When is a Maker Faire not a Maker Faire? When it’s not run under licence to Make Media, that’s when and whilst you might have heard of Maker Faire you are less likely to identify with any number of non-Make-un-branded events that are springing up around the country (and I suppose the world). It’s been a conundrum for some time for organisers, wanting to run an event like a Maker Faire but not a Maker Faire. Many have had to reinvent a brand and a format to side step the licencing costs and rules of Make Media to run a similar event their way. This is a post about one such event and an organiser looking to take that brand further.
Don’t get me wrong, this blog post is neither comes to bury Maker Faire nor to praise it, the advantages to a group of running a fully branded Mini Maker Faire under licence to Make Media are immense. With it’s colourful bunting, crisp clean branding and World-wide following having a Mini Maker Faire is a great way to have an event that is quickly recognised for what it is, a big show and tell of makers in any or all disciplines. The huge buzz that is generated by the Bay Area Maker Faire every May trickles down to the features and mini faires as a recognisable package that makers the world over want to visit or exhibit at.
But surly not every maker event needs to be a Maker Faire? With Make Media rightfully protecting their brand and gearing up to survive on their own feet after breaking away from O’Reilly publishing as a company in their own right. It’s easy for outsiders to assume that Make Media are rolling in cash… but in these early days who knows how the balance sheet might look? I rather suspect Make Media are worried about others making a quick buck on their name and muddying the quality of their brand. I utterly understand why they’d want to protect it. There have been similar issues at the UK Hackspace Foundation and it’s free to use Hackspace branding (is someone’s house really a Hackspace, “here is the electronics lab or “landing” as my Mum calls it”)? So obviously if you don’t want to pay 50c for every visitor and write Make Media into your insurance policy you might want to do an event YOUR WAY…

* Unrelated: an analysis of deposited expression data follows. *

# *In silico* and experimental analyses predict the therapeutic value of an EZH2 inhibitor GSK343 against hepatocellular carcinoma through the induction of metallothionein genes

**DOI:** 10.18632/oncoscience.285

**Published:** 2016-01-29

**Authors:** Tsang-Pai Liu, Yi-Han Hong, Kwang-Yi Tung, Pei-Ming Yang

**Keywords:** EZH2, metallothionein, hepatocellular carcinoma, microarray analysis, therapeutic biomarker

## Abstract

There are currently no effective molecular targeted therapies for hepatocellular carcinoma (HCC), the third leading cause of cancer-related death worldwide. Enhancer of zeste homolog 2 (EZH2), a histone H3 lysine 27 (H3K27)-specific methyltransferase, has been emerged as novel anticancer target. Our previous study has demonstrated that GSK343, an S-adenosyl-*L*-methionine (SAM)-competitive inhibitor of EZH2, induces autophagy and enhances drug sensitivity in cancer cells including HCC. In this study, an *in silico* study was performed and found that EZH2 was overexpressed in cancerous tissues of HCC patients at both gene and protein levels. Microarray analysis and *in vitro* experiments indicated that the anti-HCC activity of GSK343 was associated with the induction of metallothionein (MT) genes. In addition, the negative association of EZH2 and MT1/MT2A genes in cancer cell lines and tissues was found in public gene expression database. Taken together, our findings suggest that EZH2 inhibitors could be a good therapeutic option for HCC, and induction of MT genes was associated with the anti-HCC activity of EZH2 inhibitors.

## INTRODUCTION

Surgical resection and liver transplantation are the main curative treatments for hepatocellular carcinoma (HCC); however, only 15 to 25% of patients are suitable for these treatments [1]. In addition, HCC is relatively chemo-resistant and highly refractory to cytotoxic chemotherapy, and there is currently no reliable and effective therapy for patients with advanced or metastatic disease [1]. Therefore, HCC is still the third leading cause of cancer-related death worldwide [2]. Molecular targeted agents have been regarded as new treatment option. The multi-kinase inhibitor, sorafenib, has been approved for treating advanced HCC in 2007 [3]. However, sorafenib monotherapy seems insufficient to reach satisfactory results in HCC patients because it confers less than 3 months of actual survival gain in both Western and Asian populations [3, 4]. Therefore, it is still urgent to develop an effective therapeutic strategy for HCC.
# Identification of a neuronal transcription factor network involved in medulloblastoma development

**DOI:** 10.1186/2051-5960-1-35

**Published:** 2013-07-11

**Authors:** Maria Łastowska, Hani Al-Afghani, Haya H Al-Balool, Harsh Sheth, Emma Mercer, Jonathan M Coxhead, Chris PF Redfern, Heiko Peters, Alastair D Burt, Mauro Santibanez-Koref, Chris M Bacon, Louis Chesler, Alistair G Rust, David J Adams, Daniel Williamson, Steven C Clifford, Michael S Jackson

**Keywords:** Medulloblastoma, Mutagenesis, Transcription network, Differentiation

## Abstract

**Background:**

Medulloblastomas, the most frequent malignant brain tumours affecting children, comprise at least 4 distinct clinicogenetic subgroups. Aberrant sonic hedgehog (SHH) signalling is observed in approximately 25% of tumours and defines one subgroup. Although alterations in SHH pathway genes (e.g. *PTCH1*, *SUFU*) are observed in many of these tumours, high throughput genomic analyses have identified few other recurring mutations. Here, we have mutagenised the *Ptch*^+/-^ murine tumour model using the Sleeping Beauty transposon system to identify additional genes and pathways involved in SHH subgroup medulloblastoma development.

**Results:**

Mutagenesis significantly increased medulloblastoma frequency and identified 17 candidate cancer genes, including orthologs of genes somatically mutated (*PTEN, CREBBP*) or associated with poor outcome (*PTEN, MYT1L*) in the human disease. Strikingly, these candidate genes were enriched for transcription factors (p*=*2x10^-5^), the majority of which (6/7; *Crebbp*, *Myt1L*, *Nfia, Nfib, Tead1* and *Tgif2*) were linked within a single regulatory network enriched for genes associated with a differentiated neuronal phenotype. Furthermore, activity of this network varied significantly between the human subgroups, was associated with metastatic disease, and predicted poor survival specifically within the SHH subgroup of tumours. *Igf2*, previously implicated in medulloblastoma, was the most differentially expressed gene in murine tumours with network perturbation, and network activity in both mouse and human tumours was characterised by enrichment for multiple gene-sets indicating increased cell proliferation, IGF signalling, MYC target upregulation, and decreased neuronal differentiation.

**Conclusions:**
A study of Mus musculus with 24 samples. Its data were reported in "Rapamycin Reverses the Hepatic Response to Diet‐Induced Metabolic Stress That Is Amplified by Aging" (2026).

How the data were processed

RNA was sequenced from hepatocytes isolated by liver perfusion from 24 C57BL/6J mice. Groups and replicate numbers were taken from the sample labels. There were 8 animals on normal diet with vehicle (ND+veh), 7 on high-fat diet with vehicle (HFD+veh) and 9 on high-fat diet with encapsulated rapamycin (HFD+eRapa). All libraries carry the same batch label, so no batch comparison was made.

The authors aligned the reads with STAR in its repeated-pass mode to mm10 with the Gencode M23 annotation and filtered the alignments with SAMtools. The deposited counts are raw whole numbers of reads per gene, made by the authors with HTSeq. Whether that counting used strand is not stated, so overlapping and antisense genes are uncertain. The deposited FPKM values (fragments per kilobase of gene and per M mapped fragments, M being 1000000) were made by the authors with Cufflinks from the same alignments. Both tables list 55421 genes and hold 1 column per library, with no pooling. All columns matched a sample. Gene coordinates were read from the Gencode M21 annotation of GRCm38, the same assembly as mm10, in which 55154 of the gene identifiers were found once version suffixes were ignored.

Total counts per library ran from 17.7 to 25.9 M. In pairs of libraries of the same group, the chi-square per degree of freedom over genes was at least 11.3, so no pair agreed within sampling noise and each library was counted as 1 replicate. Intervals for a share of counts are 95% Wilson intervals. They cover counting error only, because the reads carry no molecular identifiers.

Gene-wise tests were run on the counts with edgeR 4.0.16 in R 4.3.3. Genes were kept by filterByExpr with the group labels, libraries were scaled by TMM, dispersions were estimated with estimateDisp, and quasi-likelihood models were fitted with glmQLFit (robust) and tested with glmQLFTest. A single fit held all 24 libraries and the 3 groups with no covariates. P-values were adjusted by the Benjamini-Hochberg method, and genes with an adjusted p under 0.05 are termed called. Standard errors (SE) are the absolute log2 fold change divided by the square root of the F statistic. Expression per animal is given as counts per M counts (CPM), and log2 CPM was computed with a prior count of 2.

Maker Day Sheffield is one such event, run as part of this years Sheffield Design Week. Organisers Emma Cooper, Pam Bowman and Matt Edgar created a great buzz and atmosphere at the Yorkshire ArtSpace Persistence Works Studio in the atrium on the 28th June 2014. The event exhibited a range of disciplines including traditional crafts, pedal powered printing, laser cutting (your-truly as Just Add Sharks) as well as Steam Punk costumes and the usual RepRap 3D printers from the Sheffield Hackers & Makers. As well as one-man-band-Matt from Barnsley.io the fledgling maker community from Barnsley that’s just getting started. There was a constant stream of interested families throughout the day and the venue held the small number of exhibitors very well indeed. I was pleased to catch up with numerous Sheffield based geeks and friends from the York Hackspace. It was a nice and simple event run with little fuss (seemingly). One minor criticism was that from the outside of the ArtSpace you’d not have known there was anything especially interesting going on inside. Having said that there seemed to be no shortage of people with the RIGHT level of interest visiting inside!
I’d like to see a lot more of these type of event pop-up all over the country. Once thing I hope happens (and I am sure Make wouldn’t mind this or shouldn’t… more shoulders to the wheel really) is to see an alternative brand pop out and get used under some sort of CC licence with support provided by a central team. A unified alternative maker event brand would be a great thing to see compliment rather than detract from the spate of Maker Faires around the country (and world). After all Make don’t have the reach or time to really take advantage of the interest in Maker Faires in the UK. With no UK based sales unit (since the spin out from O’Reilly) they aren’t generally able to provide a sales stand at Mini Maker Faires or even to organise a bundle of Make Magazines to be sold on by organisers, a real missed opportunity to cash in on an eager audience getting their first taste of Make I’d think. This is possibly because of their USA based advertising base, I’d imagine that a non-US based audience isn’t 100% appealing for US advertisers? To be honest I don’t really know what I’m talking about, but perhaps you’ll indulge my speculation?
So good luck to Emma and the team with future events… I sincerely hope we’ll see this brand grow and produce more events beyond Sheffield? I’d like to try and bang that drum myself and wonder if I could use my experience of MMF’s and contacts around the movement to help create and alternative brand? Watch this space maybe?